CULT 1020 Working with Communities
Credit Points 10
Legacy Code 101900
Coordinator Nidhi Wali Opens in new window
Description In 2021, this subject replaced by 102815 - Introduction to Indigenous Australia: Peoples, Places and Philosophies. A diverse range of professionals use social science research, theories and principles in their work with communities. In this subject students will explore common scholarly ideas and practices that inform work with communities and how these are applied in a range of professional settings. This subject introduces students to the methods and principles of community participation, capacity-building, community needs assessment, and resilience. Students will be guided to identify and analyse global, local, government and organisational aspects and interests in the development of their own and wider communities. Students will plan a professional approach to working with an example community by building and reporting on a chosen case study.
School Social Sciences
Discipline Society and Culture, Not Elsewhere Classified.
Student Contribution Band HECS Band 4 10cp
Check your fees via the Fees page.
Level Undergraduate Level 1 subject
Equivalent Subjects CULT 1011 - Organisations Communities and Communication BUSM 1033 - Working with Communities HUMN 1060 - Introduction to Indigenous Australia Peoples Places and Philosophies CULT 1021 Working with Communities (WSTC)
Incompatible Subjects WELF 1008 - Skills Development in the Human Services
On successful completion of this subject, students should be able to:
- Describe key concepts and perspectives in community scholarship;
- Explain how key concepts and perspectives are connected to their individual experience of community, and to a range of professions that work with communities;
- Collect and analyse relevant information about an example community from scholarly and professional perspectives;
- Propose an approach to working with an example community from a professional perspective;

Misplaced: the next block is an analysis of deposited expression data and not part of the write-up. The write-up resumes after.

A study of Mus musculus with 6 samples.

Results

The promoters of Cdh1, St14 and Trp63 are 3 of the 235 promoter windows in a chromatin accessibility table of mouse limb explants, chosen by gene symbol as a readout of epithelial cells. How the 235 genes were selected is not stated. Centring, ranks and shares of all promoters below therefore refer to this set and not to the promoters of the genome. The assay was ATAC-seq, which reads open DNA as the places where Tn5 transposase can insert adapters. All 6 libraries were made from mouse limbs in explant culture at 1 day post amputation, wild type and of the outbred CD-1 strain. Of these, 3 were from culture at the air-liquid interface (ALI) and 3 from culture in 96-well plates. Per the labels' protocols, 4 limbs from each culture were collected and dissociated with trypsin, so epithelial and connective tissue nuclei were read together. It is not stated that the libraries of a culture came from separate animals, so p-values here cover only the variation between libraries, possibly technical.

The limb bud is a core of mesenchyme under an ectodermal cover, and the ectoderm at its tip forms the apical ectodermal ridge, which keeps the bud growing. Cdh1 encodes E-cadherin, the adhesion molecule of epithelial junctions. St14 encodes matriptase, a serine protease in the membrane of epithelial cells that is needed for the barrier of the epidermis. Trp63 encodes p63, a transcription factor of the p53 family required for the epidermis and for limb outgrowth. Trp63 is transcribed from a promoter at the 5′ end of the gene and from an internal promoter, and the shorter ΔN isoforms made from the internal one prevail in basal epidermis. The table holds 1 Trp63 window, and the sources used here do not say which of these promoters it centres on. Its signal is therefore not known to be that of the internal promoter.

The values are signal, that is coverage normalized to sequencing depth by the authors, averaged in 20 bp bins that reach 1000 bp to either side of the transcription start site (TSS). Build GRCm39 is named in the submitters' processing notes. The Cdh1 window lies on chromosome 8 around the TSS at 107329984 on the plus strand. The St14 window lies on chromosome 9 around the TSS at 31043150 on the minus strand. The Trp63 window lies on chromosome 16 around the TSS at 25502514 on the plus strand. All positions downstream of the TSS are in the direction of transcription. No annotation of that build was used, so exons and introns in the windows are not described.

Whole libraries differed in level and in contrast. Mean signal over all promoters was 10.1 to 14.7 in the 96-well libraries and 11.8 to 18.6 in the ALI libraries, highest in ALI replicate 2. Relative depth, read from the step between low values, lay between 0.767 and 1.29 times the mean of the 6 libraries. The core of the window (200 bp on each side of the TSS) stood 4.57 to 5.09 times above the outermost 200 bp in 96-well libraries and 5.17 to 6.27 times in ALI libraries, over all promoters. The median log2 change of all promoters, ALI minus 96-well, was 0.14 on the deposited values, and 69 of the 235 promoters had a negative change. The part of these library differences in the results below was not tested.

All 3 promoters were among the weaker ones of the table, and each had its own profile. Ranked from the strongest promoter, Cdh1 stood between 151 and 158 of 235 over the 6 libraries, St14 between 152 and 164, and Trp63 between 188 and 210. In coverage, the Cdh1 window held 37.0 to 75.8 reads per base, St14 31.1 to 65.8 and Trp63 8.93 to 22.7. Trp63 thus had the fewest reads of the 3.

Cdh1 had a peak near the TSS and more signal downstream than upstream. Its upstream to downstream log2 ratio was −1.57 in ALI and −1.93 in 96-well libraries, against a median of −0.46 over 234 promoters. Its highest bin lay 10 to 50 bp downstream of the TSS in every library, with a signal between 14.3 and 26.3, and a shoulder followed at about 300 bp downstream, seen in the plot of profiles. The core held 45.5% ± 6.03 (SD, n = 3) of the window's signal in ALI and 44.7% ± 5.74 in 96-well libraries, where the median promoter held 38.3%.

- Explain the importance of community empowerment, capacity-building, community diversity and social justice, to society and the individual;
- Utilise online technologies to organise, share and communicate Indigenous-related topics and issues.
- Threshold concepts and the main debates in community scholarship
- ‘Communities’ as dynamic, social and cultural groups that are both political and contested entities and exist as multi-scalar (local, regional, international, and across time) collectives of interest, as virtual as well as place based.
- Why community matters: power, social action, a sense of the past and future directions, contestation and decision-making
- Assessing social needs and enacting change: How different organisations, stakeholders and groups within society can work together to achieve shared goals and visions
- How different types of organisations and institutions – global to local – public and private – formal and informal- serve shared needs
- Social justice and building community resilience
- Ethical approaches to working with communities: Participatory methods, the issues of trust, cooperation, communication and collaboration in everyday life and in professional life
- Communications – written and oral forms of communication in everyday and in professional practice to different intended audiences/ readerships, via a journal (assignment 1), a professional report (A2) and a website (A3).
- Scholarly skills: ethical considerations and integrity, identifying issues, goal setting, time management, introductory research skills, analysing secondary data, writing professional reports and preparing a community engagement website.
The following table summarises the standard assessment tasks for this subject. Please note this is a guide only. Assessment tasks are regularly updated, where there is a difference your Learning Guide takes precedence.